If you ask Bill Howard why he likes jug band and ragtime music, one of the first reasons he’ll give is that “it doesn’t suck.”
“Growing up in the ’80s, everything that referred to jug band music was kind of a joke,” he said. “So when you finally land on these recordings from the ’20s and you hear people really blowing jug and playing the kazoo seriously and ripping various banjoes and killer harmonies, just such a killer vibe… hearing what it’s supposed to be, it’s like, ‘Oh my goodness.’”
Howard makes up one half of The Ever-Lovin’ Jug Band alongside Minnie Heart, who, on their first band tour to B.C. out from Waterlou, Ont., will be playing at Ground Zero Acoustic Lounge (8-464 Island Hwy. West, Parksville) on Jan. 11.
Together, they play a combo of fiddle, banjolin, kazoo and foot-bass on Heart’s side, and guitar and jug on Howard’s side, often at the some time and while trading lead vocals.
They bring an authentic old-time sound, while seeking to show that this style of music has not only kept on going, but is seeing renewed interest, they said.
For Howard’s part, he said moving into an apartment had him exploring acoustic music, eventually coming upon jug band tunes. “I just really liked it and kept on digging and making up tunes like that, and discovering other people playing it.”
One of those was Heart.
Both Heart and Howard are quick to admit that jug band music has a negative stereotype among many people. “It’s kind of portrayed as like weird bumpkin music or something like that, some drunk guy blowing one note on the jug,” said Howard. But it’s the musicianship of early jug band and ragtime music that gets people hooked, he said.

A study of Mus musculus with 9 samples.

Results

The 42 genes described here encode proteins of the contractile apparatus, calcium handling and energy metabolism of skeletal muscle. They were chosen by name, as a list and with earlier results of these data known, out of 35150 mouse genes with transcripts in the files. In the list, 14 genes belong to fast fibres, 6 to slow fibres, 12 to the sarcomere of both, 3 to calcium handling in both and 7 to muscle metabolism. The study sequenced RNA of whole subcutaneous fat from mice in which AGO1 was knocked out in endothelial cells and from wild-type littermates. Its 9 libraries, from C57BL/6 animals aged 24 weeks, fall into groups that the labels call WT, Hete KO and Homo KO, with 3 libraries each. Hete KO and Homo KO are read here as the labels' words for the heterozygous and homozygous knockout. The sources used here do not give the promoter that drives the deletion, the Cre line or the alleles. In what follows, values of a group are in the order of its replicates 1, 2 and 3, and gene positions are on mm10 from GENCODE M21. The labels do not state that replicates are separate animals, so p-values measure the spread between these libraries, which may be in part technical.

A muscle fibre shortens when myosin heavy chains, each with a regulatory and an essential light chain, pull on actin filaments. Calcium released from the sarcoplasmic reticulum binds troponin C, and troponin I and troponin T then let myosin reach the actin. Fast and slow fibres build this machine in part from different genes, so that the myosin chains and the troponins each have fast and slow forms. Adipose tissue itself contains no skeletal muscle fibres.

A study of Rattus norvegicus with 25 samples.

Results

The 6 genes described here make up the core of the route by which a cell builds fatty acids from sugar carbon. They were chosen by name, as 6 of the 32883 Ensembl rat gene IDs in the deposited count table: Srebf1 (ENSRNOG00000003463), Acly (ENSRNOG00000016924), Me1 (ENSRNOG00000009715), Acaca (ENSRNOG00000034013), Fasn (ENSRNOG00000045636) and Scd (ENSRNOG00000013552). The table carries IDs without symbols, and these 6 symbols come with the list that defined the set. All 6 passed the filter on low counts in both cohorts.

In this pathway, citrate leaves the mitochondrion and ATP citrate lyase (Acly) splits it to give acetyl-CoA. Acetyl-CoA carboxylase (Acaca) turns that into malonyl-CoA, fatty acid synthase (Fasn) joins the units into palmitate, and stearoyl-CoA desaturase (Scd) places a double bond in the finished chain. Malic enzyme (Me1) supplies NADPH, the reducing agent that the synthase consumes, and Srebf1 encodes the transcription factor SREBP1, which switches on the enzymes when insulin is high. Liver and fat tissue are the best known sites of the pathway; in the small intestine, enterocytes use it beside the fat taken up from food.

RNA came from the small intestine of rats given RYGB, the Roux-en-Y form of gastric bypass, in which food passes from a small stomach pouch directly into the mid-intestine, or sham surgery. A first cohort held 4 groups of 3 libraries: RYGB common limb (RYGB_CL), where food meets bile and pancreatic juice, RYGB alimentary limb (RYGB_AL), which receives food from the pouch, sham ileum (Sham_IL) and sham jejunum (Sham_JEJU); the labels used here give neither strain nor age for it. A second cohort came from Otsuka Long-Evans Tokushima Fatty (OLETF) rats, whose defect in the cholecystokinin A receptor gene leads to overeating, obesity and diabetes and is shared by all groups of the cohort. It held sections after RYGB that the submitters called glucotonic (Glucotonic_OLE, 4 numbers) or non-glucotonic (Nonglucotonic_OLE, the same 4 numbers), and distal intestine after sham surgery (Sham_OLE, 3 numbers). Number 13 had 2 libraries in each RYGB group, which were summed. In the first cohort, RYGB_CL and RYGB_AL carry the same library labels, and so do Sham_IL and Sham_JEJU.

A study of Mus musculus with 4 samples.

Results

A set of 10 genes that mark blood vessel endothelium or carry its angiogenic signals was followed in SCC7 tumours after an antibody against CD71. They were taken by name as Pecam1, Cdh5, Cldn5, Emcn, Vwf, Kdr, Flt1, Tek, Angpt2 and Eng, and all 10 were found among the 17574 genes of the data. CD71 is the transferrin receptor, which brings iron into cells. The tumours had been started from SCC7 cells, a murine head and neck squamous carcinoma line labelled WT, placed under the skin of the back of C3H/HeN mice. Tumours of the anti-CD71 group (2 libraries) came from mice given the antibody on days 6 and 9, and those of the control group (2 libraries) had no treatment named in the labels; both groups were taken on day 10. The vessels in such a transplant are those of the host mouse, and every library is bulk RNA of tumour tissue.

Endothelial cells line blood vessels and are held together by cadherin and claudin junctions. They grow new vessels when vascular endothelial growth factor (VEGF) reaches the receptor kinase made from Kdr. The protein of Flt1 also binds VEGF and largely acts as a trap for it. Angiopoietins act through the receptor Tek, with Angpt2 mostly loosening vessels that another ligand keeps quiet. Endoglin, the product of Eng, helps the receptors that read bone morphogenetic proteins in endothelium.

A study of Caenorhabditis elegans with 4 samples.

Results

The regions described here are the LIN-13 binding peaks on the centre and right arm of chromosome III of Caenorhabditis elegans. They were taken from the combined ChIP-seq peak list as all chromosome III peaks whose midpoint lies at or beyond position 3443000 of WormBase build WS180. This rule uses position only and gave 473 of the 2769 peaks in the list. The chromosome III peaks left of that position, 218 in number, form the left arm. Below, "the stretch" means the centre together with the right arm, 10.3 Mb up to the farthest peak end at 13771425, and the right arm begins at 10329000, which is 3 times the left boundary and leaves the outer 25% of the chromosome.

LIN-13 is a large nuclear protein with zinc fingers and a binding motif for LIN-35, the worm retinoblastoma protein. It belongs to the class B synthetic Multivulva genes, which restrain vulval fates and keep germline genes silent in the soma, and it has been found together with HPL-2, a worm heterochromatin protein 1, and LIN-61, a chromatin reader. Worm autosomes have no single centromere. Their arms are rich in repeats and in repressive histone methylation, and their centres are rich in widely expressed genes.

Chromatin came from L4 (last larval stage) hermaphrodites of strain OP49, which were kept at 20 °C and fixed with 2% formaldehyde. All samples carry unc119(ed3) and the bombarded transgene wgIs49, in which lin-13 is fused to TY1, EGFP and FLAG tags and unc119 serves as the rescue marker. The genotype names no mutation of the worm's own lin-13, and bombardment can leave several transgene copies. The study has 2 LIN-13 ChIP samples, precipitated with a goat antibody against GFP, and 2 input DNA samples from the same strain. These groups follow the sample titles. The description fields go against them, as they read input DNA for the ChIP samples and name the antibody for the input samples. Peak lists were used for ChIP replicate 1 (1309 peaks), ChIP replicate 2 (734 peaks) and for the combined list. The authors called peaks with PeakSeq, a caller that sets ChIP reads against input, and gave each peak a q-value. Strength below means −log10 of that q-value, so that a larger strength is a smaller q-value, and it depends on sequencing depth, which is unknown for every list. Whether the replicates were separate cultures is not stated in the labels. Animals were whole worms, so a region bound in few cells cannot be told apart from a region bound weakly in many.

“When you hear Earl McDonald from the Louisville Jug Band… really blowing melodies on the jug… it’s like, ‘Holy cow, how are they doing that?’”
It took Howard a year or two to figure it out, he said, and then only with the help of Bruce Cockburn, he said.
As Heart and Howard have dug deeper into this genre of music, they say they’ve seen more and more people interested in it.
Though finding those pre-war era recordings to be inspired by used to be a chore, the music became much more readily available online after 2006, said Heart.
Now the pair will find musicians in their early 20s who play nothing but ragtime guitar, and they both grow excited over just how good they will get if they stick with it.
As for the Ever-Lovin’ Jug Band itself, it’s put out two full-length albums of original tunes since 2013, both of those with a larger group.
Though other bandmates have gone in other directions, Howard and Heart said they enjoy their two-person group.
It allows for more improvisation and an easier creative process. Performing multiple instruments at once also brings a certain spectacle for crowds, they said.
Coming up, the band will be releasing an album full of their previously released original music, but in their two-person format. And later on, they’ve got exciting plans for something all-new, but don’t want to give it away just yet.
For their first band trip out to B.C., they’ll be playing Duncan on Jan. 12 and Sayward on Jan. 13, but after their performance in Parksville Jan. 11.
Doors open at GZAL at 6:30 p.m. with the show beginning at 7 p.m. Tickets are $15 in advance. For tickets and more info, go to www.gzalounge.com/upcoming-concerts.html.